The cannabis industry has come a long way from the days when states that didn’t criminalize the controversial drug were the exception rather than the norm. Now, 36 states have legalized medical use, 15 allow recreational use, and several more are considering cannabis legalization for the future. The road to legalization wasn’t easy, however, with most opponents arguing legalization would increase crime rates as well as cannabis and subsequent drug use among children.
Years later, we can see that most of those fears were unfounded. However, although marijuana legalization policies haven’t increased criminal activity or youth drug use, they have had quite an interesting effect on real estate, a report from the National Association of Realtors (“NAR”) says. In states where medical and recreational marijuana has been legal for more than three years, there has been an increased demand for commercial properties, the report found.
More than 40% of the states saw an uptick in demand for warehouses, 27% saw an increase in demand for storefronts, and 21% saw an increase in demand for land. For the states that had allowed recreational and medical marijuana the longest, 32% saw commercial leases add addendums addressing growing cannabis while 30% saw addendums concerning cannabis sales.
The NAR report indicates more mixed results on the residential front; states that had legal cannabis markets the longest experienced a 27% drop in residential property values close to cannabis dispensaries while 12% of the states saw an increase in prices. The decreasing property values caused landlords to add addendums to lease agreements, with 58% to 67% of residential property managers in areas with legal recreational cannabis seeing lease addendums that restrict smoking on their premises.
In Colorado and Washington, two states that have relatively successful cannabis industries, an SSRN study indicates that some neighborhoods in both states saw a 7% increase in prices due to newly opened marijuana dispensaries. According to the research, the impact of cannabis legalization on more expensive homes was different from its impact on less-expensive homes, although homes in all price levels saw an increase in value.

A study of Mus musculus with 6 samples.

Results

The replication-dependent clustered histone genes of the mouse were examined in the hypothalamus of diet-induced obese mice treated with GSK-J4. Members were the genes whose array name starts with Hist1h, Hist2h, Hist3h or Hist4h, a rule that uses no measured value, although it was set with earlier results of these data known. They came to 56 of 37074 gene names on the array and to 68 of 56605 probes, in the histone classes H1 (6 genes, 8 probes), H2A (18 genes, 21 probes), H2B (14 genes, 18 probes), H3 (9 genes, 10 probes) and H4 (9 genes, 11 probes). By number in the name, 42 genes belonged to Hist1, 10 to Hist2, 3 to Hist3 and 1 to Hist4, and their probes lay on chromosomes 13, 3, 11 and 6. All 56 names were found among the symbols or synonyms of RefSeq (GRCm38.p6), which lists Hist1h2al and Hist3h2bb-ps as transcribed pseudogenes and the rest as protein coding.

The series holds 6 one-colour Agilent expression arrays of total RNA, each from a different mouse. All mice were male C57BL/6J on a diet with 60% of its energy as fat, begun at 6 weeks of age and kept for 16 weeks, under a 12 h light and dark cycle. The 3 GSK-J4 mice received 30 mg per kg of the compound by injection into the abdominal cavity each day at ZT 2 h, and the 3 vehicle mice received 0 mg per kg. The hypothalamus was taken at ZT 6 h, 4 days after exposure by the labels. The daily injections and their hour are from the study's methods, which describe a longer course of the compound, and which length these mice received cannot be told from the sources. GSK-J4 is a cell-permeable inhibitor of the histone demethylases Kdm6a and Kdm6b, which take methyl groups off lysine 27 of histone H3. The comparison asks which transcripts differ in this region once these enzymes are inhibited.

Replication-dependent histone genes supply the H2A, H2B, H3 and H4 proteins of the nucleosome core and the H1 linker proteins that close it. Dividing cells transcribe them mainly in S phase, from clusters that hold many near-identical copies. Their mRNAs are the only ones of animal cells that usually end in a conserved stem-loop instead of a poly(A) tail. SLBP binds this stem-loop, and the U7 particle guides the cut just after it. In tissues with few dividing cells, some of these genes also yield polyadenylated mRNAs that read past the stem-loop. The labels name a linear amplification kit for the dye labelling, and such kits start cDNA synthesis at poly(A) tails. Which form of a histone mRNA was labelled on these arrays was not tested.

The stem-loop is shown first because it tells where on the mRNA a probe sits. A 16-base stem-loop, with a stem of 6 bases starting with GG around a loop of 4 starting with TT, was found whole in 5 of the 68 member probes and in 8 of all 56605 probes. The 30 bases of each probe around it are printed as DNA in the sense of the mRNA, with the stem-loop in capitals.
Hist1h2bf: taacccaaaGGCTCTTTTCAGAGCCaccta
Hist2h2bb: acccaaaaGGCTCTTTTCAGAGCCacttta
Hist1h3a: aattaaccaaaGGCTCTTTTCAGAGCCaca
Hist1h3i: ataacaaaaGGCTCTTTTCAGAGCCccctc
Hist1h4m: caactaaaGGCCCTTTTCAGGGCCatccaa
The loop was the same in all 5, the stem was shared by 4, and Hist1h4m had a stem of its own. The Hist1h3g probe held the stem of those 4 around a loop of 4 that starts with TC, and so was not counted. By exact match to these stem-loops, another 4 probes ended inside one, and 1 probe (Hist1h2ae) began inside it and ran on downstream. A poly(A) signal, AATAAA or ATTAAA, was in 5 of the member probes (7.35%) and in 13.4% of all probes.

As more states legalize cannabis, especially recreational use, real estate markets in these states may see an uptick in homebuyers, including cannabis consumers as well as job seekers. And with more dispensaries opening to cater to the increasing demand, they will need more labor, leading to more demand for homes as more individuals are employed and settle in. Such markets will inevitably be looking at increased property rates coupled with higher rents.
Away from the impact of marijuana on real estate, interesting things are happening as the industry matures. A case in point is RYAH Group Inc., a company that focuses on developing IoT devices that can measure out, remotely, the appropriate quantity of cannabis-based medicines.
NOTE TO INVESTORS: The latest news and updates relating to RYAH Group Inc. are available in the company’s newsroom at https://cnw.fm/RYAH
CNW420 spotlights the latest developments in the rapidly evolving cannabis industry through the release of two informative articles each business day. Our concise, informative content serves as a gateway for investors interested in the legalized cannabis sector and provides updates on how regulatory developments may impact financial markets. Articles are released each business day at 4:20 a.m. and 4:20 p.m. Eastern – our tribute to the time synonymous with cannabis culture. If marijuana and the burgeoning industry surrounding it are on your radar, CNW420 is for you! Check back daily to stay up-to-date on the latest milestones in the fast -changing world of cannabis.